7 Ideas for Promoting Your New Website
Launching a new website is an exciting event. Whether it’s for a business that’s putting one together for commercial purposes, an individual who wants to talk about a personal passion, creating your own piece of online real estate is always a fun project to focus on, and the end result – seeing your content out there for any surfer to find – is its own special thrill.
But it also comes with its own challenges: namely, how do you ensure those surfers stumble across your site? What do you do to ensure it’s found? More importantly, what do you do to ensure it’s found by a relevant audience?
There’s no singular answer to the question of how to spread the word of your virtual property.
Rather, there are several methods for promoting your new site, and luckily – as you may have guessed – we’ve got ten of them right here. Let’s take a look.
1. Be Social:
“Social media” still seems like a simple buzz phrase to a lot of people. To those individuals, the message must be made clear: it’s buzzin’ for a reason. With a little research, you can find out where your audience hangs on the web – be it Facebook, Twitter, Pinterest, or an equal combination of different social networks – and start building a crowd to which you can cater. It’ll take a little work cutting through the noise, but once they see you’ve got something of value to show them – something that pertains to their interests – they’ll start to bite, and you’ll start to see some traffic.
2. Get Listed:
Although there are thousands and thousands of different directories (website listings) on the web, many of which are “low quality” (rarely found and filled with way too many websites to count), there are several that offer listings for niche businesses or websites. It’s a bit tedious combing through these and finding ones you think will attract your audience, but it’s worth dedicating some time to directory building – as long as you focus on the ones that look like they’ll bring valuable traffic.
Just about every website comes with a blog, and just about every blog comes with a comments section. When you’re doing your own daily browsing, keep an eye out for discussions in which you can participate with meaningful contributions from your site’s content and look for opportunities that will allow you to link back to it. This also works for discussion boards such as forums. It’s important to note that quality over quantity counts here – you should only include a link to your site if it’s relevant to the topic. Otherwise you’ll seem like just another spammer.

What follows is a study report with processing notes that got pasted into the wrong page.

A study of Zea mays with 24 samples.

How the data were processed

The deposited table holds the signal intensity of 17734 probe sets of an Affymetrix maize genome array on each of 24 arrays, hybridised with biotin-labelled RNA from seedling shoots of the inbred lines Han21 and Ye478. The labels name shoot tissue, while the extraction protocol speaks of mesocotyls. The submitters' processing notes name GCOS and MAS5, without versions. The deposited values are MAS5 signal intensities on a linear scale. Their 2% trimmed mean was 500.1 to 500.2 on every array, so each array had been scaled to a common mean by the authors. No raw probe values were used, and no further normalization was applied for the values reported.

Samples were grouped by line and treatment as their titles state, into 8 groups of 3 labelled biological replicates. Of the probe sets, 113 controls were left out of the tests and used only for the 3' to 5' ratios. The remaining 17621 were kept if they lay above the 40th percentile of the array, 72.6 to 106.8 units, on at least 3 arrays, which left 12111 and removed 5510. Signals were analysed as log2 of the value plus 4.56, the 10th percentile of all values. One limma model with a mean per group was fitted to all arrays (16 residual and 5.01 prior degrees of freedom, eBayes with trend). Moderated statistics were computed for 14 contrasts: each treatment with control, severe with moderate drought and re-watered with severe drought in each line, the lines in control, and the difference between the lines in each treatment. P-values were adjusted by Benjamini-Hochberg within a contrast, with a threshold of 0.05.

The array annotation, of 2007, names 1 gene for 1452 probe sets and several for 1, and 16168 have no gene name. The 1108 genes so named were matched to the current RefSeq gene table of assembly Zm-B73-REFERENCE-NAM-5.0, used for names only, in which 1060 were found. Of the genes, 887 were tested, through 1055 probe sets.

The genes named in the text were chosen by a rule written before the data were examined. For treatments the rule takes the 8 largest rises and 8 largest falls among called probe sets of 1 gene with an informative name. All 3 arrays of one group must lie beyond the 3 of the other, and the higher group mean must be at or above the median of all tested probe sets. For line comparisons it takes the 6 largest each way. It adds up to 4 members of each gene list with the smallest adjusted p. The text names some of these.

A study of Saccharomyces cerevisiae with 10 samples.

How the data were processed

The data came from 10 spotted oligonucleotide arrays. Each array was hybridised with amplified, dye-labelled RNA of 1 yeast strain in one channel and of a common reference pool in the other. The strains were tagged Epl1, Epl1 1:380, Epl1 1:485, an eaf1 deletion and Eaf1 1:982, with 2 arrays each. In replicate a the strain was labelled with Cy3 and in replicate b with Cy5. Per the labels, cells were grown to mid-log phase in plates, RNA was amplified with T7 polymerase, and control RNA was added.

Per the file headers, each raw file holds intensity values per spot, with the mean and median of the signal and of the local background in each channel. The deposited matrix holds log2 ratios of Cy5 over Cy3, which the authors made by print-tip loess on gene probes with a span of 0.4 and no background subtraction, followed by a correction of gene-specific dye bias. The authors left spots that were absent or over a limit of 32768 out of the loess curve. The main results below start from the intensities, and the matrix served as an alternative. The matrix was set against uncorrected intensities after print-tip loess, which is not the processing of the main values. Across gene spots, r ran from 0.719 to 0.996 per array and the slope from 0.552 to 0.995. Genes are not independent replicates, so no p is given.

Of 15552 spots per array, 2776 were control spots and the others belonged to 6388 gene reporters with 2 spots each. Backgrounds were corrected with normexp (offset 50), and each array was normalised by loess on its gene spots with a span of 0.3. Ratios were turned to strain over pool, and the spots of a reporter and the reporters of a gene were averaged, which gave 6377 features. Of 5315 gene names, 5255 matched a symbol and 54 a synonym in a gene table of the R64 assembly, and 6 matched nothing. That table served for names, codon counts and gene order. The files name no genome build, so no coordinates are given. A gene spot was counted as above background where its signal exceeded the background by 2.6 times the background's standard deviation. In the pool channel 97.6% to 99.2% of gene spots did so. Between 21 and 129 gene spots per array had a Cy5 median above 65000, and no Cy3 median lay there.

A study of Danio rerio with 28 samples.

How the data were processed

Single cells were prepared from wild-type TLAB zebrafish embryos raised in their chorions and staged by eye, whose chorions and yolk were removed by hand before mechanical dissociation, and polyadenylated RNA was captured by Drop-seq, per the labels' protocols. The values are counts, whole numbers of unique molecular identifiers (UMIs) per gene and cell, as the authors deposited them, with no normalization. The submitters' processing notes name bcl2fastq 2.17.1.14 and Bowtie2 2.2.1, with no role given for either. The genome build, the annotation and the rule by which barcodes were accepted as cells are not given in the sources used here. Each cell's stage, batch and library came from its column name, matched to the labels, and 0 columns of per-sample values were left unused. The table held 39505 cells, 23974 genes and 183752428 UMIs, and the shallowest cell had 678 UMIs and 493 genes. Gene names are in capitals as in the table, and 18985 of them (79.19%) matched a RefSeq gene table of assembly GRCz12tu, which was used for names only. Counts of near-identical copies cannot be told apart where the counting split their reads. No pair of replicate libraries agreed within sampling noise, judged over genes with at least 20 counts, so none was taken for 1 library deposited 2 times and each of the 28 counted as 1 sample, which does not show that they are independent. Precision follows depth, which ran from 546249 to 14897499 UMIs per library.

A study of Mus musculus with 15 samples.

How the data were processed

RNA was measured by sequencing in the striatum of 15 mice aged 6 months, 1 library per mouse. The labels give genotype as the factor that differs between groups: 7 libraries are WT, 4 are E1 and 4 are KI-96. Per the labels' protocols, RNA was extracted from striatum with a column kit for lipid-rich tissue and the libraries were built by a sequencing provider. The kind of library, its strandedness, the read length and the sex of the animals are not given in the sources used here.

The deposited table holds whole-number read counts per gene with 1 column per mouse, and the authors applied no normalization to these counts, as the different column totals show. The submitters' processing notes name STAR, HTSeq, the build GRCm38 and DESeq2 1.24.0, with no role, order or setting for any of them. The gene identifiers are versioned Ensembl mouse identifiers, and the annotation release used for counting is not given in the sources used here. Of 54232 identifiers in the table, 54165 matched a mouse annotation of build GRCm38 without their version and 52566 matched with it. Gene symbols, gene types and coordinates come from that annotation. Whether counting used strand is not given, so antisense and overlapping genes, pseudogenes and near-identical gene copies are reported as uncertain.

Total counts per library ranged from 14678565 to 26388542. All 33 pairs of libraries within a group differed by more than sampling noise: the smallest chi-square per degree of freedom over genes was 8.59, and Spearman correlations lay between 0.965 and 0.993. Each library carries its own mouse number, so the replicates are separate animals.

4. Get Creative:
You made your website because you’ve got something to say about a specific topic, right? Well, say it – and say it creatively by making unique, compelling content that offers value to your audience. Articles, white papers, e-Books, videos – there’s tons of different ways you can get your message out there, and people love to share – it’s the backbone of the web, after all. You can make it entertaining, educational, funny, thought-provoking – whatever you want! As long as people think it’s worth sharing, they’ll share it.
5. Go Traditional:
The doom-and-gloomers like to say that “print is dead”, but it’s far from it. You still see flyers, pamphlets, mailers, business cards, etc., every day, don’t you? So why not make your own literature and slap your website address on it? What you create and how you distribute it will depend on your audience, your industry, and several other factors, but this is still an effective method of piquing people’s interest.
6. Hit the Presses:
This one may apply more to businesses than individuals, but press releases are perfect for anything new. Like, say, a new website. If you’ve just launched and want to get the word out, writing a press release is a great way to summarize the fact that you’ve got a new website and it’s got something to say that your audience will find valuable.
It’s likely that you have friends, business partners, clients, etc., with their own websites, which they hopefully update regularly. Come up with some ideas for content you can collaborate with them on and, if your idea is accepted, chances are good you’ll get a shoutout when it’s published on their site. This is a very good way of both getting the word out and obtaining a link back to your site.
Whether you’re a single individual, a small business or a massive corporation, promoting your website always seems like an endlessly uphill battle. In many ways, it is – it’s something you can’t stop doing, no matter how long you’re online, and it’s always hardest at the start. But by looking at ideas such as these, figuring out which ones suit your industry and target audience, and working to ensure you bring value to every visitor, you’ll start to see that traffic trickle in.
Any ideas of your own for promoting your website? Your thoughts are welcome, so feel free to share!